The club’s schools program, “Growing with Gratitude”, was first rolled out in classrooms across Adelaide last year, but the club has broadened its focus to regional SA in 2016.

It’s designed to buoy mental health in school children, emphasising healthy “thoughts and habits” and highlighting “an attitude of gratitude”, along with traits such as kindness, positive reflection and wellbeing.

“It was something that was in the pipeline, but we brought it forward given the events in Whyalla, and also the nature of this program,” Fagan said.

“This is teaching children certain skills as early as possible to create greater resilience, positive thoughts and habits [so] the core purpose of the program can continue to help ensure that the children are in a good headspace.”

The club took the program to eight schools across three days this week, preaching its wellbeing message to more than 1600 children.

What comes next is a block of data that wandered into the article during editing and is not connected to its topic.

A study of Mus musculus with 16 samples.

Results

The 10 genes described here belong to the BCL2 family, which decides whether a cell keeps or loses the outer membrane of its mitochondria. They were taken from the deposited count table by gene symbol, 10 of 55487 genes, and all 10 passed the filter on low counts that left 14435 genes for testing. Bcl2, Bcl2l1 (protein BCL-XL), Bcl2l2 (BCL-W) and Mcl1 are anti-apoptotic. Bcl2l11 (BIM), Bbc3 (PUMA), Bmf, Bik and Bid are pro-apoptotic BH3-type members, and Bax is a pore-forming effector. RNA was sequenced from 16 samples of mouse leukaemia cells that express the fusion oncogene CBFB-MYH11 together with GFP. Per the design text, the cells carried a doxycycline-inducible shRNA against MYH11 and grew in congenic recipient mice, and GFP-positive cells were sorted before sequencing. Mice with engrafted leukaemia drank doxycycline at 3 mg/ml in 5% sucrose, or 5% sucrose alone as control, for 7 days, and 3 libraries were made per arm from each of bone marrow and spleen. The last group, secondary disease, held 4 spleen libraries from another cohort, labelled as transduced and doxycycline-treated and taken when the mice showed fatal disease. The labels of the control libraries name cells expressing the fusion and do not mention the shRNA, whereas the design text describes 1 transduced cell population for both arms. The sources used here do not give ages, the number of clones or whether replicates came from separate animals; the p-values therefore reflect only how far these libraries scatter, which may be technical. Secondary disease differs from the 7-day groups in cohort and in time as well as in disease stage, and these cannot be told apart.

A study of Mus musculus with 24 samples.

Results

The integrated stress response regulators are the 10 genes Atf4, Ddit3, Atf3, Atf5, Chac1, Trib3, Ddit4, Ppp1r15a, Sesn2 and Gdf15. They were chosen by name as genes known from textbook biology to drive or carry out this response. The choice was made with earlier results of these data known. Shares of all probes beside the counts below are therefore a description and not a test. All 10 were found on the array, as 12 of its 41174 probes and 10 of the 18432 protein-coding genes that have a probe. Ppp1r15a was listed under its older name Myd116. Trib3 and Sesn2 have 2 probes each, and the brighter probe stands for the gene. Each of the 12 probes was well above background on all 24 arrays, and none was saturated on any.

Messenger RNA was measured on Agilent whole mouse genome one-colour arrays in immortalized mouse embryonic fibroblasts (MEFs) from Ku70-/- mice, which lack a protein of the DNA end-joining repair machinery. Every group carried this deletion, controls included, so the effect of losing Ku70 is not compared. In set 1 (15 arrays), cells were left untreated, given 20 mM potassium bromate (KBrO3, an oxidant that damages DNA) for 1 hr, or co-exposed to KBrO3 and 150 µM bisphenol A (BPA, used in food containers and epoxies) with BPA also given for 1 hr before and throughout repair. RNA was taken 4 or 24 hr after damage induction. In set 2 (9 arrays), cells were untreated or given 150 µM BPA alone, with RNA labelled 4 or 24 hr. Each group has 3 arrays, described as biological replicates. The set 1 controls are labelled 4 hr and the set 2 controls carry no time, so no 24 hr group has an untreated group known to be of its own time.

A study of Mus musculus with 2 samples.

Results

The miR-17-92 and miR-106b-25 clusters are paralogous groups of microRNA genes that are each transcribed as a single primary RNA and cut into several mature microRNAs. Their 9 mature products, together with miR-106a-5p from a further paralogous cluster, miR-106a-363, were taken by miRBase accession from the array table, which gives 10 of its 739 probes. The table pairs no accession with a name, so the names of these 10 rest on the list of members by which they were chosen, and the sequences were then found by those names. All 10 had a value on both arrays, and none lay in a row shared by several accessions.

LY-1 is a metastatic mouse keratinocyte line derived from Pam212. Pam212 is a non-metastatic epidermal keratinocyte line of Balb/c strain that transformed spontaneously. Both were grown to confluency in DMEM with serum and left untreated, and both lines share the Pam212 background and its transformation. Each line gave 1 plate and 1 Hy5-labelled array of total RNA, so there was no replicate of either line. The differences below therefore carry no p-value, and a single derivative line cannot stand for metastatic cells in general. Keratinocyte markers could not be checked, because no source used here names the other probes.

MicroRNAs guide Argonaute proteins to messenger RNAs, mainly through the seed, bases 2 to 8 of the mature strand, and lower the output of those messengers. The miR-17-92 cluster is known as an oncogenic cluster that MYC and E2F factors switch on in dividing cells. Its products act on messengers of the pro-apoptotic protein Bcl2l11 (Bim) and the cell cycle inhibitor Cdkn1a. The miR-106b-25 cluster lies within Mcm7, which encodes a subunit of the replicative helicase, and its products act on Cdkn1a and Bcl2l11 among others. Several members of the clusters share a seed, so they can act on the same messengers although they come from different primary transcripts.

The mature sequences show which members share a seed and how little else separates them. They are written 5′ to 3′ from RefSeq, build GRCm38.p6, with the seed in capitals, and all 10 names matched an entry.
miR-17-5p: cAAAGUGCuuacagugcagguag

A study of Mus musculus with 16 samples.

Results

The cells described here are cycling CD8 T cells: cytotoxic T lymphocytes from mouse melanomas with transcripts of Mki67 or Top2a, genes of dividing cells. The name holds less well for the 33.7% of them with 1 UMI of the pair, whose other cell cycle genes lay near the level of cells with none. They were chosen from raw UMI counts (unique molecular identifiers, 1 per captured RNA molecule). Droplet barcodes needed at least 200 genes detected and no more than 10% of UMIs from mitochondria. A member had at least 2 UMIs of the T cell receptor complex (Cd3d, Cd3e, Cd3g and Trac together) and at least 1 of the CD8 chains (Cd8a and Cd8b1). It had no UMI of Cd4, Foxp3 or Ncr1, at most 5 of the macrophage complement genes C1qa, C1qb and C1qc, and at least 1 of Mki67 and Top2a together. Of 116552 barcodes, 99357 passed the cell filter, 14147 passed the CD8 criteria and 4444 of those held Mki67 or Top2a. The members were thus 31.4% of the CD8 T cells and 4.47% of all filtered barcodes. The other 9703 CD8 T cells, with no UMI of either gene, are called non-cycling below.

“There’s an appreciation of the pressure that many families in the community are facing and, for the kids themselves, they enjoy having the association with the program,” Fagan said.

While the program’s efficacy is not independently assessed, Fagan argues the feedback from teachers and students “has been extraordinary”, citing long-term benefits and ongoing involvement through an online interface.

“This was our first trip to Whyalla – it won’t be our last,” he said.

“We may also have some opportunity to maybe bring some people down to our games when we play a home game through the season, to give them an Adelaide Oval experience.”

He said many schools were chosen for the program after registering interest with the club, but “there’s a conscious effort as well to ensure we’re delivering right across our state [so] we’ll continue to access a greater number of regional areas this year and next”.

“We spend a lot of time being strategic and practical in our business, but when it comes to community programs we’re about embracing South Australia… and try and just bring some enjoyment to the kids,” he said.